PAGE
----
Wednesday, March 3

Reading Even More of the Patristics

I received a flurry of responses to my blog yesterday about reading the Patristics. Among the sundry attaboys and amens was a very helpful list of books from my friend, the writer and educator, Patrick Poole.

He wrote: “I finished G.L. Prestige's God In Patristic Thought recently, and found that it had the best explanation of Hilary's role in trinitarian development by introducing coinherence. Solid scholarship on the whole topic of theology proper by the Fathers. Advanced reading but worth the effort. You might have seen Christopher Hall's two books from IVP: Learning Theology With The Church Fathers and Reading Scripture with The Church Fathers. I found both extremely helpful, with the former being very accessible for novice readers. I've lent out my copy of W.H.C. Frend's The Early Church several times as an easy read in the history of the period. Bettenson's The Early Church Fathers has great topical selections from all of the patristic luminaries. Also, you might have noticed that Liberty Fund has just republished Cochrane's Christianity and Classical Culture. It looks like a spectacular volume, especially for the $10 price for the kevar softcover. Very well bound. My 1961 edition is falling apart, so it is next on my purchase list. Needham's The Triumph of Grace: Augustine's Writings On Salvation and Carol Harrison's Augustine: Christian Truth and Fractured Humanity were great reads on my list last year. Finally, over the weekend I started re-reading Gerald Bonner's bio on Augustine. Food for thought.”

Food for thought indeed. I've read all of the books Patrick suggests except the Learning Theology volume by Hall--and it is on my must-read list.

In addition to the volumes Patrick recommends I have found the histories of Schaff, Pelikan, and Needham very helpful, the anthologies of Lightfoot, Staniforth, and Sparks delightful, and the comprehensive set edited by Schaff, Wace, and Donaldson of all the Patristic writings indispensible. But the single most valuable volume I have stumbled across in the last couple of years is the massive encyclopedia edited by Allan Fitzgerald for Eerdman's, Augustine through the Ages. It is a treasure house of information and inspiration, not just about Augustine, but about the whole of the Patristic age.

All this talk of books covering the wide ranging period from the Didiche to The City of God obviously raises the question of just who is it that we include when we talk about the Patristics. I suppose that speaking in a general way, the epoch of the Fathers was, in the Western Church, the first five centuries after Christ. In the Eastern Church, the Patristic Age may be extended to embrace John of Damascus in the middle of the eighth century. Scholars have traditionally arranged the writers, not unnaturally, into four groups. In the first group are the Apostolic Fathers and the Apologists, or those writers who were roughly contemporary with the formation of the New Testament canon. These all wrote in Greek. In the second group are those writers from the third century--approximately from the time of Irenreus to the Nicene Council. They wrote partly in Greek and partly in Latin. In the third group are the Post-Nicene Latin Fathers--those writers from the age of the great Ecumenical Councils. In the fourth group are the Post-Nicene Greek Fathers--those writers from the Golden Age of Byzantium.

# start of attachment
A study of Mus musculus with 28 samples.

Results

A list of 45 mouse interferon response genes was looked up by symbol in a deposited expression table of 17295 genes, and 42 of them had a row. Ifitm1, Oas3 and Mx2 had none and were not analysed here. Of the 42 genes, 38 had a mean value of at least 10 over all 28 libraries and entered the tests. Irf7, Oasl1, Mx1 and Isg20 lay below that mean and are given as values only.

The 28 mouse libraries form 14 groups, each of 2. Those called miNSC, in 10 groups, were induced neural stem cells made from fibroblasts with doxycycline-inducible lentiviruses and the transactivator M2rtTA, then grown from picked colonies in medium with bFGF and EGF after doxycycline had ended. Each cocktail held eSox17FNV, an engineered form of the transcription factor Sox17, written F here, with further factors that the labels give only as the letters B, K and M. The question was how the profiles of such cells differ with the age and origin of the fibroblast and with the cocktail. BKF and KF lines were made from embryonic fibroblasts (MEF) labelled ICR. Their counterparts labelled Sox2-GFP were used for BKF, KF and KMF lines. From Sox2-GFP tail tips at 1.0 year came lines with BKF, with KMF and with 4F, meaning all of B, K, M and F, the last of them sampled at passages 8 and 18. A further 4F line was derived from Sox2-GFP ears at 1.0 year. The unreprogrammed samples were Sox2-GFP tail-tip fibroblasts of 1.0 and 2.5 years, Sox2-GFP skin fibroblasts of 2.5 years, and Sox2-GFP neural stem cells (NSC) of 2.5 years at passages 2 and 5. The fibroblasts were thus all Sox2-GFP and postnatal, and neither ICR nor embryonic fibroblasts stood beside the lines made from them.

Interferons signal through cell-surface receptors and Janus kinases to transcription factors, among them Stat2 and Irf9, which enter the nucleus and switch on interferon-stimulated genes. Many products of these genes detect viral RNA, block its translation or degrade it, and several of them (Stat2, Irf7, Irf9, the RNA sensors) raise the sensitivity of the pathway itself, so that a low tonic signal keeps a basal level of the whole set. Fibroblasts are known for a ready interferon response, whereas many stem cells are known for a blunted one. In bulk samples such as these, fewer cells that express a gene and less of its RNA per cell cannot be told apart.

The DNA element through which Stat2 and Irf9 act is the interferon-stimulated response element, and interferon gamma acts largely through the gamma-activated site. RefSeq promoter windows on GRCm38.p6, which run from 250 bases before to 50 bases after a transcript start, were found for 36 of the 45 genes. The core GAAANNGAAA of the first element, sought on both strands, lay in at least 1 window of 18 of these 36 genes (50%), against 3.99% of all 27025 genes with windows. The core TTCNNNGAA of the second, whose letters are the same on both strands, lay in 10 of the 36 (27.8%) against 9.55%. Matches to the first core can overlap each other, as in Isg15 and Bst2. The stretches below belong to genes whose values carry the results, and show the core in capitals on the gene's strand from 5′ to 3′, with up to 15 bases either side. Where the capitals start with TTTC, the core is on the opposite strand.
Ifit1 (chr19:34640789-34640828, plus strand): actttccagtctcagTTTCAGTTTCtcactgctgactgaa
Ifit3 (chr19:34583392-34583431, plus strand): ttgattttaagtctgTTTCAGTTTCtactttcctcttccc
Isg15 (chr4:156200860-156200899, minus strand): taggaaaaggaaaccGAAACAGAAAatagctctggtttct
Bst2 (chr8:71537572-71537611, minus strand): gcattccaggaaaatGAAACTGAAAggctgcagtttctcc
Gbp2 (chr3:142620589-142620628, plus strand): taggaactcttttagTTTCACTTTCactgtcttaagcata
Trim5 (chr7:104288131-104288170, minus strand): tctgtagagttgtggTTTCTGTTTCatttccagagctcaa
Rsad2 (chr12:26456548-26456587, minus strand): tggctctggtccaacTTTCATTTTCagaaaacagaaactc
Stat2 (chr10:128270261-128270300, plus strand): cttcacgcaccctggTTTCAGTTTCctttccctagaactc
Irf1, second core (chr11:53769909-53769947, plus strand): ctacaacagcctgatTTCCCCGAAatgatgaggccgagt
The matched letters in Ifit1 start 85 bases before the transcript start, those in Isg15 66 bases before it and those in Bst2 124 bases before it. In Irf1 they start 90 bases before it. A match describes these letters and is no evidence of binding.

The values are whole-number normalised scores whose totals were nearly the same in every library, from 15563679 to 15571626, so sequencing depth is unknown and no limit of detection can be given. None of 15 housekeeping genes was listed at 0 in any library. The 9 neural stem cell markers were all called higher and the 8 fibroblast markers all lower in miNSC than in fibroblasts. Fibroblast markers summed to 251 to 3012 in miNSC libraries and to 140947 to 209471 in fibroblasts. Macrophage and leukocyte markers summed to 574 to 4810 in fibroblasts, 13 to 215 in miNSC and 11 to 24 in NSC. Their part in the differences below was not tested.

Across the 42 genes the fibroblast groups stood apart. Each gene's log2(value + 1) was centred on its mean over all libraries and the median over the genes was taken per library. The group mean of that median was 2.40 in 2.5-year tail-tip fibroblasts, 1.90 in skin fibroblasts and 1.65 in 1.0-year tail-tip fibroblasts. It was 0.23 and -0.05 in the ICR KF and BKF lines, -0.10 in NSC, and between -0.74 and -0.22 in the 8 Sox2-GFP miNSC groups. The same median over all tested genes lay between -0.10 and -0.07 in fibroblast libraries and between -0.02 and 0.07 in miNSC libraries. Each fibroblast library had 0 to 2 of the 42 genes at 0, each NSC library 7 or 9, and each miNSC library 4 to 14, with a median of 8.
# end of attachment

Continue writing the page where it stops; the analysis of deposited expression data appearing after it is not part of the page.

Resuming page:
Most modern collections of the Patristics include only writings from the first group--which is a great pity. To ignore Clement of Alexandria means that we lose much of our knowledge of classical antiquity. John Chrysostom can no more be left out of the world of letters than Chaucer or Shakespeare. And the Confessions of Augustine is one of those rare books which belong to the whole human race, and should always live. That said, the first and formative period of the Patristics--the Formative Period--is a great place to start. This will be the focus of the conference Servant Group International and King's Meadow will be sponsoring on April 17. I am very much looking forward to reading and preparing for that conference.